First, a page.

This season is the last for Hudson Golf Club
Chris Hanson, owner of the Hudson Golf Club, announced Tuesday morning that the course will close for good at the end of this season.
“After serving the Hudson community since the 1950s, the financial viability of the golf course is simply unsustainable,” Hanson said in a press release.
He said that when his family bought the 140-acre golf course and clubhouse in the spring of 2010 they were committed to offering premier golfing in Hudson.
Hanson said the family company, Hanson Bros. LLC, invested more than $2 million in improvements to the clubhouse and other facilities in hopes that it would make the course more financially viable.
“Despite those investments and other efforts to increase play, we have not found a financially sustainable business model,” he was quoted as saying in the press release.
Part of the problem is “an oversaturated golf market,” the press release said, noting that 500 courses nationwide have closed since 2006.
Hanson and his attorney, Jeff Redmon, met first with Mayor Alan Burchill and Community Development Director Dennis Darnold on Tuesday morning to tell them about the planned closing and ask the city to consider allowing redevelopment of the property.
Following the meeting with Burchill and Darnold, Hanson and Redmon sat down with a Star-Observer reporter.
They presented a concept plan for redevelopment of some 80 acres of the golf course as a big box retail center and an office park.
The retail development would come first, on more than 40 acres of land behind the Target store. The plan drafted by Kathy L. Anderson of Architectural Consortium LLC shows one 150,000-square-foot store and six others about one-third the size.
“This really only works if you have a big box store,” Redmon said.
The golf course property is currently zoned for residential use. Redmond said the Hansons have also asked someone to draft a residential plan for the property, but he doesn’t think anyone wants that.
“Hanson Bros. LLC would like to thank the course patrons for their support, and hopes for their continued support in future endeavors to redevelop the site and bring increased revenue to the community,” the press release said.
“The Hudson Golf Club has a rich history in the Hudson community -- enjoying several hundred members and hosting many business, community and family events. It is the hope that the nearly 140 acre site can be redeveloped to continue to serve the needs of the Hudson community.”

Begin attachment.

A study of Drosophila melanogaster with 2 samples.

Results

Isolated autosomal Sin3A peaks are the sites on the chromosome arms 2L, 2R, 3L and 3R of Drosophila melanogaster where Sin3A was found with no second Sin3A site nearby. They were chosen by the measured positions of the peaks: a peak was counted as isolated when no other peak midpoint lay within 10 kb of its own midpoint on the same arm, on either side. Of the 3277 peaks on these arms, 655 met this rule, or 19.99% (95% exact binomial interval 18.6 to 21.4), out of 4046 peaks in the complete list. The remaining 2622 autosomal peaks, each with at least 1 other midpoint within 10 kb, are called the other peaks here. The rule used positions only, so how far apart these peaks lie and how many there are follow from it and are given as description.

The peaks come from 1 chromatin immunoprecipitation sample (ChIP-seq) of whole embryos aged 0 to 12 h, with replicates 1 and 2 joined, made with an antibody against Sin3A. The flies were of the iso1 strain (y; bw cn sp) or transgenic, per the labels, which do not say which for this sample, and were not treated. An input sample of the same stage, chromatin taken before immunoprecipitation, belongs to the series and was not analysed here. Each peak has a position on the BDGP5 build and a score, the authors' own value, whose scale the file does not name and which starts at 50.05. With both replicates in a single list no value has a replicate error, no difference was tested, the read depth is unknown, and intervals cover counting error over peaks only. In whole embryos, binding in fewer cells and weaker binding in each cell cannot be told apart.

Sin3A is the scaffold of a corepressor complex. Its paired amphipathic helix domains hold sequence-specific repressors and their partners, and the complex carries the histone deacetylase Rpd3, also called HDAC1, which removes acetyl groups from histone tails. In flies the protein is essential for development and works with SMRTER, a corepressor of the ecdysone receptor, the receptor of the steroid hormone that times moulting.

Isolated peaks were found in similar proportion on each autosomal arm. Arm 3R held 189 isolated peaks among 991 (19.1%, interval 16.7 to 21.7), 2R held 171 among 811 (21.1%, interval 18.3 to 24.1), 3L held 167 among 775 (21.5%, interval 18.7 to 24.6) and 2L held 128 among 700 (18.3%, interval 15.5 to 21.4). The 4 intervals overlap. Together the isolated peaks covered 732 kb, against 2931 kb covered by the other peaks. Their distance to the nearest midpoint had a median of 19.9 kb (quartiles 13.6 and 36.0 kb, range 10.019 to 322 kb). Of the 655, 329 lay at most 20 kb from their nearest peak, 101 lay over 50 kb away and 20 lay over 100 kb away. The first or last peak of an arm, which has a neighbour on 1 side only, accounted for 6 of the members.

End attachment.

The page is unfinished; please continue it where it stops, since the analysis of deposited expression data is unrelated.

When the Hansons purchased the golf course for $3.6 million, they agreed not to redevelop the property for another use within 10 years. The Hudson Golf Club shareholders had the ability to let them out of the agreement, and when the association dissolved, that power transferred to the Hudson City Council.
Redmon said the total value of the proposed retail and office development is $66 million, at a minimum, and would generate almost $1.2 million annually in property taxes, with more than $250,000 of that amount going to the city.
The golf club’s total property tax bill this year was $86,000, Redmon said.
Ward Avenue would be extended along the southern and eastern edges of the golf course property under the concept plan presented Tuesday. Streets would also be built to serve the retail development and office park.
Redmon said Hanson Bros. LLC would be seeking an amendment to Hudson’s
comprehensive land use plan and the rezoning of 133 acres of the golf course “for the appropriate uses.” The city recently rezoned the clubhouse and two development lots on Carmichael Road (a total of roughly seven acres) for commercial use.
Redmond said commercial zoning is appropriate for the golf course because of its proximity to I-94 and adjacent commercial districts to the south and east.
“While no tenants have been identified, a large national retail anchor tenant will be proposed in the multi-purpose redevelopment plan, along with other retail and office uses,” the press release said.
The benefits of the development to the city would include increased tax revenue, job creation and reduced traffic congestion on the Carmichael Road/I-94 interchange, according to the press release.
It said Hanson Bros. LLC would work with the city to commission a study showing what impact the development would have on traffic in the area.
When asked to comment on the Hansons’ announcement, Mayor Alan Burchill said, “It’s disappointing that Hudson is going to lose a golf course.”
Burchill said it would be premature to comment on the Hansons’ development plans.
“There’s zoning issues that have to be reviewed and the comprehensive plan has to be changed, so there is just a lot of work that needs to be done,” he said. “Until that gets done, I really can’t say much.”
Darnold also declined to comment on the proposed redevelopment, saying concept plans are subject to change.
“There is a public process that is required for change of zoning and comprehensive plan amendments. Those would have to be considered by the Plan Commission and Common Council,” he noted.
He said he wouldn’t comment on Hanson Bros. LLC’s proposals until the city receives the applications for changing the comprehensive plan and zoning.